As a jobless college student, Annie Wang is close to broke most of the time. But that doesn’t stop the avid K-pop fan, an international student from China, from spending $300 on a concert ticket to see Korean pop singer Taeyang in Vancouver this September.
And it will not be the last time she spends money on Korean popular music – “K-pop” – businesses.
In recent years, there has been a wave of K-pop concerts in Vancouver. At the same time, many businesses like dance studios and cosmetics stores have profited from this growing interest in K-pop to tap into new audiences.
However, some local Koreans claim these businesses commercialize only select pop-culture forms of entertainment, instead of the broad range of Korean culture. As a result, people of Korean backgrounds face stereotyping from non-Korean K-pop lovers.
Korean culture becomes a commodity in Vancouver
K-pop started gaining popularity in North America after the release of K-pop single Gangnam Style in 2012. It exceeded YouTube’s view limit, forcing the website to raise the maximum to more than nine quintillion.
University of B.C. Korean studies professor CedarBough Saeji says that foreigners’ love for K-pop has given Koreans a lot of pride. Consequently, Koreans re-evaluated K-pop, which had been seen as something only interesting for teenagers, and turned it into a national cultural export.
“K-pop stars are expected to be representatives of the country,” said Saeji. “They have clean images because they are commodities that are used for advertising, which drives Korea’s international success.”
Many advertisements that K-pop stars appear in are from Korea’s cosmetics industry.
In 2016, Statistics Canada recorded that B.C.’s imports of Korean skincare products totaled $363,070 – a 500-per-cent increase from 2015. In summer 2017, B.C saw its first branch of a Korean chain beauty store open in Richmond’s Aberdeen Centre. Aritaum carries carry popular skincare brands like Laneige and Iope.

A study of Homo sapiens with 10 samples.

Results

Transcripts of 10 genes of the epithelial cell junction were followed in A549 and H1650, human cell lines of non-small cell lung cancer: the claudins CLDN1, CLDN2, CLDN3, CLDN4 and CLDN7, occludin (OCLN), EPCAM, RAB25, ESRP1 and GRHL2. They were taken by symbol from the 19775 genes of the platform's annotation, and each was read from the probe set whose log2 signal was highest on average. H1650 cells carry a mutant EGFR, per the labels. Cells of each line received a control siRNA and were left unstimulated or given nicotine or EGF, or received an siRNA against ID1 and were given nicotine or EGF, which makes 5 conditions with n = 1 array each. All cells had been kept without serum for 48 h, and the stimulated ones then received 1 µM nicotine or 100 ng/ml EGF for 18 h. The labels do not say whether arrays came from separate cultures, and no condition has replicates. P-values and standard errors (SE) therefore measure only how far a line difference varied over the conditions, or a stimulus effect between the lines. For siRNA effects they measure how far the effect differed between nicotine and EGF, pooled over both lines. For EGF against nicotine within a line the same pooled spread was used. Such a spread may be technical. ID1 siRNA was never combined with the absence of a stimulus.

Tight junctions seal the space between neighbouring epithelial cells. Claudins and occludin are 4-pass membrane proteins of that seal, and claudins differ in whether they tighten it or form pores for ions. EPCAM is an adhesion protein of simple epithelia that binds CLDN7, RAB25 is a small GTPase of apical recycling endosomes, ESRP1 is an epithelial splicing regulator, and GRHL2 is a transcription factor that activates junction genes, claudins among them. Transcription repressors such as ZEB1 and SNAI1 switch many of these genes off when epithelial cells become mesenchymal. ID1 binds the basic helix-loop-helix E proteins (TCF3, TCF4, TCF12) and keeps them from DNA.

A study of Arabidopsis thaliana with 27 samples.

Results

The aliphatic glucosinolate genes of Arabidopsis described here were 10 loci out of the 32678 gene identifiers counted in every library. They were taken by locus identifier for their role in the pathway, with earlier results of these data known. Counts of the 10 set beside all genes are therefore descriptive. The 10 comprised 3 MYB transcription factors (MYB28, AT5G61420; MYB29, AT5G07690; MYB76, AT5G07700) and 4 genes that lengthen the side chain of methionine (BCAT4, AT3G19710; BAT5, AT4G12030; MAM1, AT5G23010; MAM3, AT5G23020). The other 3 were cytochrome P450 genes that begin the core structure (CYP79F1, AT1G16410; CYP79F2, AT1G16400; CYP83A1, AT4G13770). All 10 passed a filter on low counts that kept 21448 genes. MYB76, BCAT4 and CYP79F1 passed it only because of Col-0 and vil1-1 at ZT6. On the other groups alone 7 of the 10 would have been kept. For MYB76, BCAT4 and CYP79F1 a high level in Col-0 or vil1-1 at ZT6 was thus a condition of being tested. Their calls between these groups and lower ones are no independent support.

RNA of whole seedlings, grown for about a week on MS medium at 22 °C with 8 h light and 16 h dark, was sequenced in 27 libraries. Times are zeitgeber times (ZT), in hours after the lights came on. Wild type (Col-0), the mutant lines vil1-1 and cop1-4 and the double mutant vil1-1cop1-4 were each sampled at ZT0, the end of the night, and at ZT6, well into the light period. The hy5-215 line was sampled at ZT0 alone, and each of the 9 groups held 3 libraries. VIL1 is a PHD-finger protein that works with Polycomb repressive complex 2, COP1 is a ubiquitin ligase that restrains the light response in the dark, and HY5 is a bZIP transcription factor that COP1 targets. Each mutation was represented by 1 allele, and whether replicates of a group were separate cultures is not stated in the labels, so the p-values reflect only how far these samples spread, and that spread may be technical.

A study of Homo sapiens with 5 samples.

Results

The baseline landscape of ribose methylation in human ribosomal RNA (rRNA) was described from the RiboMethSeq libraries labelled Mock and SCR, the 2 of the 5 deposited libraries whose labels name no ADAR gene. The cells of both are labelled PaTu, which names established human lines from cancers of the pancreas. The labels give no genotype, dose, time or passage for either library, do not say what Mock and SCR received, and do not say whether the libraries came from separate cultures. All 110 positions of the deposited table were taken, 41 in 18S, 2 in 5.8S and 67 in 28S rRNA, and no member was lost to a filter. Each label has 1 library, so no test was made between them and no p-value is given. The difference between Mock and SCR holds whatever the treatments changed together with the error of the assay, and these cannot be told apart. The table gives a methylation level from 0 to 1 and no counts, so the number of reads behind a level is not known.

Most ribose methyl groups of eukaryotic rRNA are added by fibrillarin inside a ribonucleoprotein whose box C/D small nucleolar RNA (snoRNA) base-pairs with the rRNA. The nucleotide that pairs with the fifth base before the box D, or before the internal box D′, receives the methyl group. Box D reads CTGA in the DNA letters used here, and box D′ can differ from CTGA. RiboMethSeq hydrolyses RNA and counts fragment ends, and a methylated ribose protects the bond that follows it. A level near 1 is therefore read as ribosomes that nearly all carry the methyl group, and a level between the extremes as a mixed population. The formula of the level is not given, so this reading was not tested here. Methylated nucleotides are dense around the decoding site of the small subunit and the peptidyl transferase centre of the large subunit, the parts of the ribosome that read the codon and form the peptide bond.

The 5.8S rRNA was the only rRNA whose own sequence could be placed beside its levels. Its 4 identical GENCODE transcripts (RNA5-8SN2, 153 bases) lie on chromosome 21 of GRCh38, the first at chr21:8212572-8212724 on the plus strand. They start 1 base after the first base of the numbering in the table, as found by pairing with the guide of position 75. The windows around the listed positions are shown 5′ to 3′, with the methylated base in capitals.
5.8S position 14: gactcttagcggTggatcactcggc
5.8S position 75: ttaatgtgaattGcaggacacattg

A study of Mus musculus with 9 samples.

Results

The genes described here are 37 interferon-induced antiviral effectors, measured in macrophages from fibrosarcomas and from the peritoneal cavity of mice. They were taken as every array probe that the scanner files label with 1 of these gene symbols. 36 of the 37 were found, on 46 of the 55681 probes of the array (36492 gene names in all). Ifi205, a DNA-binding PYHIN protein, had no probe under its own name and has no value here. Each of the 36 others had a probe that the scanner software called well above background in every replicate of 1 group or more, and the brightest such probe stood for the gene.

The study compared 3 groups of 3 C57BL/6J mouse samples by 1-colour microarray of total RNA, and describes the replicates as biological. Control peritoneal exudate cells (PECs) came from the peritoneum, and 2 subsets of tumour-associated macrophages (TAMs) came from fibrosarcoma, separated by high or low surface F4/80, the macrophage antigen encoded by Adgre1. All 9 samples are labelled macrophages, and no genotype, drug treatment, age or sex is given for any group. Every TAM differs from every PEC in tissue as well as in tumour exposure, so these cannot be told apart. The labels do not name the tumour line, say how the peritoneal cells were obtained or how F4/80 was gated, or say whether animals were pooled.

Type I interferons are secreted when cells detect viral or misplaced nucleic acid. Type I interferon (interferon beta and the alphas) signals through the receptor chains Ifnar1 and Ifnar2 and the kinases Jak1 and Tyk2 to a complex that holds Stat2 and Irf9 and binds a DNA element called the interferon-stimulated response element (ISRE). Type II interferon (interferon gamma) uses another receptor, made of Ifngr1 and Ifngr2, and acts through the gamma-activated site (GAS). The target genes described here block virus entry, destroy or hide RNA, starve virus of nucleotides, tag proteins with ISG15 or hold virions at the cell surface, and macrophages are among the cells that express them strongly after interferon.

K-pop fans are excited about Korean skincare stores in Vancouver.
“I always buy Korean skincare products from brands that sponsor my favorite K-pop group,” said Annie Wang. “I feel like I’ll be beautiful like them after using these products.”
Dance studios in Vancouver have started to offer K-pop-style dance lessons. At Flying Dance Studio in Richmond, there are four K-pop dance lessons per week.
Studio founder Ying Ying says that more non-Koreans are learning K-pop dances. Even at a cost of $20 per class, the studio’s hour-long lessons have proven to have high appeal.
Booming businesses have unintended consequences
But the success of K-pop-related businesses has some negative effects.
Korean-Canadian student Sean Kim thinks that these businesses promote only perfect images of K-pop stars, and he doesn’t like being compared to them.
Kim explains that, since he grew up in Canada, K-pop is a way for him to connect with his Korean heritage and culture. But there’s a downside.
“My non-Korean friends see handsome K-pop stars on cosmetic products and in music videos at karaoke bars, then they ask me why I’m not hot even though I’m Korean,” said Kim. “It makes me self-conscious about my looks.”
Kim is not the only Korean who has noticed the increasing number of K-pop stereotypes. In a Facebook post, many say that they have experienced K-pop stereotypes.
“I love Korean women, you are all so beautiful,” – that’s the kind of response that student Jae Shin said she experiences when she tells people she has Korean heritage.
“I get that that K-pop looks very cool, and many Koreans might want to live in that world too,” said Shin. “But it is far away from the accurate representation of Korean people.”
Educational initiatives try to combat stereotypes
Local Korean culture advocates are looking at ways to reduce the stereotypes by examining Korean culture through K-pop.
Korean student Jayden Hwang started a radio show at UBC in December 2016 called K-Pop Café.
“I hope to introduce not only K-pop, but different aspects of Korean culture and Korea itself to the Canadian community,” said Hwang. He has covered topics like traditional Korean clothing and modern lifestyle.
Saeji teaches a class at UBC about K-pop, Korean Popular Music in Context, and uses K-pop to examine different aspects of Korea.
“I don’t spend time talking about who’s their favourite member of what group,” said Saeji. “I cover topics like sexual objectification, the changing music market and nationalism and relate them to music.”
Saeji’s class is popular among K-pop enthusiasts. Members from UBC’s Korean entertainment club K-Wave often take Saeji’s class with the aim of understanding aspects of Korean culture that are not shown in K-pop music videos.
K-Wave’s newly launched program, Konnect, pairs club members with similar interests. They hope to stimulate conversations about Korean culture at large, said Jasmine Kan, K-Wave’s junior events co-ordinator.
“I believe, through the entertainment scope, we could educate people on other aspect of the Korean culture.”